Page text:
Pearl of the DanubeAfter visiting more times than we can remember how many, Budapest has crept into our hearts and to this day, like for so many others, it is a firm favorite. Of course we have had the advantage of knowing and employing Hungarians who have helped immeasurably in getting to grips with a city that has so much to offer and in the following pages I hope we can pass on some of that experience.

It seems that we are not alone in our love of this city: Budapest was recently voted above Prague in a poll of best cities to visit and is according to many currently the top new destination in Europe.

The city was originally three: Divided by the Danube flowing north to south, to the west Buda, to the east Pest with Obuda, meaning old Buda and now district III, sitting to the north-west. In 1873 the 3 were brought together to form what we now know as Budapest. Following Hungary’s checkered past full of invasions and uprisings, Budapest has remarkably preserved much of it’s character inherited down the years. Each wave of occupiers have left their mark whether it be the Turks’ thermal baths, the Austrian’s Citadel on Gellert Hill or the Russians who left a number of badly built housing estates on the outskirts of the city and a pile of statues now sitting in exile, out of harms way, in their own park also on the outskirts of the city.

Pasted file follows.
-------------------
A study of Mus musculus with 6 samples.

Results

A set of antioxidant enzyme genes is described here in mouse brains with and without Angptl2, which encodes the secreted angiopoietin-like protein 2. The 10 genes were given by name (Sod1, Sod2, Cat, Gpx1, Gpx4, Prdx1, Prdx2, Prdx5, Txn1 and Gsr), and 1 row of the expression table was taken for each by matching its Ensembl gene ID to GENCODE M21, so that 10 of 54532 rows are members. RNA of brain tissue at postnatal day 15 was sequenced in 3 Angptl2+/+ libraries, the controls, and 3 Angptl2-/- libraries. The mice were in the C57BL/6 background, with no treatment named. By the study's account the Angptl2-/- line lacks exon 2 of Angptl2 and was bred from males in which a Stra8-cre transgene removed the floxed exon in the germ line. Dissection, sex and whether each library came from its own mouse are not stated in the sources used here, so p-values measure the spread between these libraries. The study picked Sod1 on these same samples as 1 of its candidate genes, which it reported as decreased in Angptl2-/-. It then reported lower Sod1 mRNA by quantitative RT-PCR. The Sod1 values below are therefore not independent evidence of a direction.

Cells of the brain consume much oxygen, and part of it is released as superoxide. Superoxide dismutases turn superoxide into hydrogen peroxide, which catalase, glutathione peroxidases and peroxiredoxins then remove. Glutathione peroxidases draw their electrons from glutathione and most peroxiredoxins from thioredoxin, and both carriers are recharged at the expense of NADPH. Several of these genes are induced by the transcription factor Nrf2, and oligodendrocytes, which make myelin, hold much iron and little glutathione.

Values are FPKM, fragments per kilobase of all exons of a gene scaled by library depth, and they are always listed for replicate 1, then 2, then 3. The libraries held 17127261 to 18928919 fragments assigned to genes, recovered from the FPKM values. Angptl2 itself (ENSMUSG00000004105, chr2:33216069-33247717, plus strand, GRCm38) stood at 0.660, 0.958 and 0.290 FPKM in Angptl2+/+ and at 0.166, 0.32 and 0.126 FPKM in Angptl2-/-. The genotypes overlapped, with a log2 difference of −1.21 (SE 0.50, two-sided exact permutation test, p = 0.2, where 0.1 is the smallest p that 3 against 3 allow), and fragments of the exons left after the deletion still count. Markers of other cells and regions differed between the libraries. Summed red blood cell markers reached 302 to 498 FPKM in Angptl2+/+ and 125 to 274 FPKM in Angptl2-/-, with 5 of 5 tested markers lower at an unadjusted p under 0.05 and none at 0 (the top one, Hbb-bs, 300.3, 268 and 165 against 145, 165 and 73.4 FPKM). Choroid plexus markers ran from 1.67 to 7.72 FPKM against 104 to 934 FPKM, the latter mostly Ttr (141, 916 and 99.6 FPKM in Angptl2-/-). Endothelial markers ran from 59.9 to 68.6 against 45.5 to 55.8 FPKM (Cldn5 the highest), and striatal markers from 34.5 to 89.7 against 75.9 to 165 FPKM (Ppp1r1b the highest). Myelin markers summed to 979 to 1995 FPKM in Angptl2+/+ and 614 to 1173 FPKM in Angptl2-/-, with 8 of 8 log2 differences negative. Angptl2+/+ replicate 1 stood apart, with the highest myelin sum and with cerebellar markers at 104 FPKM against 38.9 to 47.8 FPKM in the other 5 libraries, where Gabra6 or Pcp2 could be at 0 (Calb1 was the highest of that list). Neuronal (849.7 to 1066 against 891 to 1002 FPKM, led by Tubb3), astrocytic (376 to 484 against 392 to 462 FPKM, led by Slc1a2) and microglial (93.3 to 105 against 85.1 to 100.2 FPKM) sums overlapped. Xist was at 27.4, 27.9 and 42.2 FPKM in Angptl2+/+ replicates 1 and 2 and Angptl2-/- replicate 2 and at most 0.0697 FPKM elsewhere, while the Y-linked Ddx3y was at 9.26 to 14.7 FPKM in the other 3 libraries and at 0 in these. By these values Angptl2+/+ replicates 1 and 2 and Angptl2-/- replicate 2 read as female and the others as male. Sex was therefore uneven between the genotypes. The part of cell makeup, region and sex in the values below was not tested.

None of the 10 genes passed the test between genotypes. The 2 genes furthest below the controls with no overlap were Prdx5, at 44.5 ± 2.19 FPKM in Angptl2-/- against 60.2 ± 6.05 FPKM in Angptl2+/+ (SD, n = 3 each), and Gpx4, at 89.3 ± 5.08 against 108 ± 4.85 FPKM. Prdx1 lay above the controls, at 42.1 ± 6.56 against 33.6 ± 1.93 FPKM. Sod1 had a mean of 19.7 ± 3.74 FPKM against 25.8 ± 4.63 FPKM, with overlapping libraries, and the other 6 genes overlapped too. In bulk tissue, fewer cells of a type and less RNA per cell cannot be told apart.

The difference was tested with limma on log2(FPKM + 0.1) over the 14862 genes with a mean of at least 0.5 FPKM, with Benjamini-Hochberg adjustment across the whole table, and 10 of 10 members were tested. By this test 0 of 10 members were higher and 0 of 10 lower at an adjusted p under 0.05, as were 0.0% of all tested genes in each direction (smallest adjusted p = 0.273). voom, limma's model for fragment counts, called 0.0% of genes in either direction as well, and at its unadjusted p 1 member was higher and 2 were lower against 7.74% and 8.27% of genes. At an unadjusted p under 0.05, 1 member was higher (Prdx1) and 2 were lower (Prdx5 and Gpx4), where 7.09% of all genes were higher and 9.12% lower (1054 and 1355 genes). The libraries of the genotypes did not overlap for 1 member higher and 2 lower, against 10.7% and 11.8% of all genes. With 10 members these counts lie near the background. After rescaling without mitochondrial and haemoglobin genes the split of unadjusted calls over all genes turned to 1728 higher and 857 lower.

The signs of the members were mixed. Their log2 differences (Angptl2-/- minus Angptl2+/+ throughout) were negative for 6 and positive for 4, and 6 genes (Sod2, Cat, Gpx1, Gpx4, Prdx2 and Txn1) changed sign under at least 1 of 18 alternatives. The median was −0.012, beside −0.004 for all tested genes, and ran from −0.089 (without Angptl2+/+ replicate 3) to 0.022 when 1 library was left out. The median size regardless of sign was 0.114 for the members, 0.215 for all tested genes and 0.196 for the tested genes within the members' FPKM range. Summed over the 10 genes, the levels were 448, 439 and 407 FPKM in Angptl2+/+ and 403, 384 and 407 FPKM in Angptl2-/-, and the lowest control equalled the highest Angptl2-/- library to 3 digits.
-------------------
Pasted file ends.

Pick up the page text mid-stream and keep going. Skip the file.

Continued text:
Modern Budapest has developed since into a vibrant city of 1.7 million inhabitants (one fifth the population of Hungary). It benefits from huge new investments coming in from abroad and is bolstered further by its new role as an EU member state. Budapest is ideally situated for a healthy future, as it was 1000 years ago when the first Magyars arrived in the area, sitting as it does at the hub of Europe. The reasons it has been invaded so many times include just that reason and now in the world of modern commerce and happily free from the threat of invasion, it’s strength through positioning is already starting to become evident. The British owned BAA thinks so, having paid a record £1.7 Billion to gain control of Budapest’s Ferihegy airport citing it as the gateway to the East of Europe.